Sooner or later, it’s going to come, Julianna Margulies believes: The day when Alicia Florrick, the tightly wound,constantly challenged, spurned spouse she plays on the CBS drama, The Good Wife, will crack. “Crack,” Margulies emphasized, drawing out the word. There are times, she added, that as an actress, she feels like crying in a scene, “But I don’t want Alicia to cry. Because if she starts now, she’ll never stop.”
The woman who shot to fame as George Clooney’s ER love is older now, married with kids, and savoring the success of her own network hit. The other night at The Paley Center for Media in New York City, she talked about the series with fellow castmates Matt Czuchry ( who plays the firm’s young male associate, Cary Agos), Josh Charles (who plays her boss—and college flame—Will Gardner) and Archie Panjabi (the firm’s scarily accomplished private detective, Kalinda Sharma).
But the New York City event didn’t really get rolling until Christine Baranski (who plays another of the firm’s partners, Diane Lockhart) arrived late—yet early enough to blurt out a key plot development her castmates had kept secret (I will, too). “Now I’m actually going to tell you what happens at the end of Lost,” Josh Charles teased the audience. “And Mad Men. It’s all coming out.”
So will Alicia end up in bed with her old flame Will? Or back in the maid’s room with devious husband Peter? “We’re happy that people are invested enough to care,” Margulies said. “The other day a lovely couple came up to me and said, ‘We’re on the Peter Florrick team.’ Then another couple came up and said, ‘We are on the Will Gardner team.’”
“I have both shirts,” said Czuchry (no one thinks that Alicia will fall for his character, who’s her younger competitor at the law firm).
On the show, Archie Panjabi’s dark hair is often pulled back sleekly, but on stage it was loose and sexy, like Margulies’s. “Archie is a character who can manipulate men—I was nervous to play her,” Panjabi admitted. “But after a while, I grew confident.” Her character’s trademark boots helped. “There’s something about the boots…as soon as I put these boots on…”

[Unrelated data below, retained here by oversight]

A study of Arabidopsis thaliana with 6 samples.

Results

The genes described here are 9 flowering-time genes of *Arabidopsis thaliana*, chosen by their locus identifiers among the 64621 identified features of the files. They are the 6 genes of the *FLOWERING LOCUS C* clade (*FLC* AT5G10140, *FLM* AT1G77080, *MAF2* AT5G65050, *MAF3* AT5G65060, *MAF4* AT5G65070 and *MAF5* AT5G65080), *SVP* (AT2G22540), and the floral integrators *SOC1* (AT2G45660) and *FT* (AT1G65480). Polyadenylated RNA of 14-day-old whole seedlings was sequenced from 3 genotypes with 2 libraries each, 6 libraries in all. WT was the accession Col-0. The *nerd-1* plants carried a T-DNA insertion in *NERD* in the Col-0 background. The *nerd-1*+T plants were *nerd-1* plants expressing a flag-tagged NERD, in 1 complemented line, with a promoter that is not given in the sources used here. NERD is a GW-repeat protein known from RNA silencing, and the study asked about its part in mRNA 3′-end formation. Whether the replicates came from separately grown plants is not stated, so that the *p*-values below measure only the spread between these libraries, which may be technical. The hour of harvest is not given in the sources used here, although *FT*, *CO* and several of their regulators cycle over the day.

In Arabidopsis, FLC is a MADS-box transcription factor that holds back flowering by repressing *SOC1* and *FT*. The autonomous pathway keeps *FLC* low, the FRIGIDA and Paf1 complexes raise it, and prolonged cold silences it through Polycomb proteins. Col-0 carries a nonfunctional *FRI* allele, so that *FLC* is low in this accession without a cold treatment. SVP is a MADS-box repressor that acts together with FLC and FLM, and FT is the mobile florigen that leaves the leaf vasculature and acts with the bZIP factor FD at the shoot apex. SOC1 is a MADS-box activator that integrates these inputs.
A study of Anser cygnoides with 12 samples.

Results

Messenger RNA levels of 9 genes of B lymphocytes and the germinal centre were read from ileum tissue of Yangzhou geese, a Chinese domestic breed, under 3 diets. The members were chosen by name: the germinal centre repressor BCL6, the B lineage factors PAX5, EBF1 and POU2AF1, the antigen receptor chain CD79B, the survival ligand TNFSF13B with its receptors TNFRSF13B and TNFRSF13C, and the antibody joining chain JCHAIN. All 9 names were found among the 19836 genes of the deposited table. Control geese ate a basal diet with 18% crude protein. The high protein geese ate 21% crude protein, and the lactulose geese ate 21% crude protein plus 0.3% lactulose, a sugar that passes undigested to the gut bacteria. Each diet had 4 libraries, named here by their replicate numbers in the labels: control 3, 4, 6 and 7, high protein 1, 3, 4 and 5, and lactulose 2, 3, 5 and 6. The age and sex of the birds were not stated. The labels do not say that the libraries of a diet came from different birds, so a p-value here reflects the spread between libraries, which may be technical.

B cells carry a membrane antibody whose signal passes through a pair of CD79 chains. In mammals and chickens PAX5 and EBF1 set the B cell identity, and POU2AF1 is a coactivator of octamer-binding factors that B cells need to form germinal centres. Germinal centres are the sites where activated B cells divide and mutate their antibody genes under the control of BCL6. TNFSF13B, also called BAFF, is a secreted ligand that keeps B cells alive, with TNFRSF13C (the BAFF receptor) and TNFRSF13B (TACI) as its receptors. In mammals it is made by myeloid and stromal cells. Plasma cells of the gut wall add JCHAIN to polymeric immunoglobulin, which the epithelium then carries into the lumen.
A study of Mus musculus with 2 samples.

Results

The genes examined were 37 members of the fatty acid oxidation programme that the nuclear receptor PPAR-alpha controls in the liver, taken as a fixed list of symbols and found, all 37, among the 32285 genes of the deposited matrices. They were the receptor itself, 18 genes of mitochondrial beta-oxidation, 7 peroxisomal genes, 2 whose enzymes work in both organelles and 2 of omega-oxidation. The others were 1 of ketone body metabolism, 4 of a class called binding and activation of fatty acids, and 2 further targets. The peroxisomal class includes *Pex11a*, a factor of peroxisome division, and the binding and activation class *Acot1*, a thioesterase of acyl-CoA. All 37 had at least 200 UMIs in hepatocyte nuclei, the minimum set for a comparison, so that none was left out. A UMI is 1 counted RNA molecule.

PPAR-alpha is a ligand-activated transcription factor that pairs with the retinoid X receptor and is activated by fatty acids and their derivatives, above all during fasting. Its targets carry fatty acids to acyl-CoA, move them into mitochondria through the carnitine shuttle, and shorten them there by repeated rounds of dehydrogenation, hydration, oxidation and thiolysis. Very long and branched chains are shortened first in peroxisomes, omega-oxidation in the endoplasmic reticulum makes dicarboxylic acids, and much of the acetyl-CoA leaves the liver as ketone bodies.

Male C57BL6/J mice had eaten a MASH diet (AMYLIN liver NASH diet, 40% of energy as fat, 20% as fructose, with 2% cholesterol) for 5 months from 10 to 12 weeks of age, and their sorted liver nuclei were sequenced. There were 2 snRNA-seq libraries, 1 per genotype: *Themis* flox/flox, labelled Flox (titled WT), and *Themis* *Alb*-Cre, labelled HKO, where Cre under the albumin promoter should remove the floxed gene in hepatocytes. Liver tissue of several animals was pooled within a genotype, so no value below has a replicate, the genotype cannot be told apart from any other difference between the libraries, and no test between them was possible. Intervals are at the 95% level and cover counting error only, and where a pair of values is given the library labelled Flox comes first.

“There’s an actual blog that is dedicated to Kalinda’s boots,” Margulies said.
The Internet plays a big role in the series, both offscreen and on. “Alicia is not tech savvy at all,” Margulies says. But her children are immersed. “She’s trying to do the right thing—there was the episode where she took away Zack’s computer.” And in a future episode, she reports, we’ll see Alicia’s son apologizing for his scheming, tweeting girlfriend—and realizing how technology has hurt his mom.
To research her character, Margulies said, “I went online and looked at all the wives—pictures of them before and after.” She was particularly struck by Silda Spitzer, “how young she looked, two years earlier.” Post-scandal, “She aged 10 years. But then a few months later, she was in Vogue, she had a job, she never looked better.”
Has she heard from any of those real-life wronged wives? “I haven’t,” she answered, “but apparently Elizabeth Edwards reached out to CBS to tell them she thought I was portraying Alicia in the right light—I’m sure she wouldn’t say that now.” As for the others, “I’m sure none of them have watched it. Why would they? It’s salt on the wound.” (In fact, at a recent More lunch, Jenny Sanford confessed she had seen one episode—until her son urged her to turn it off.)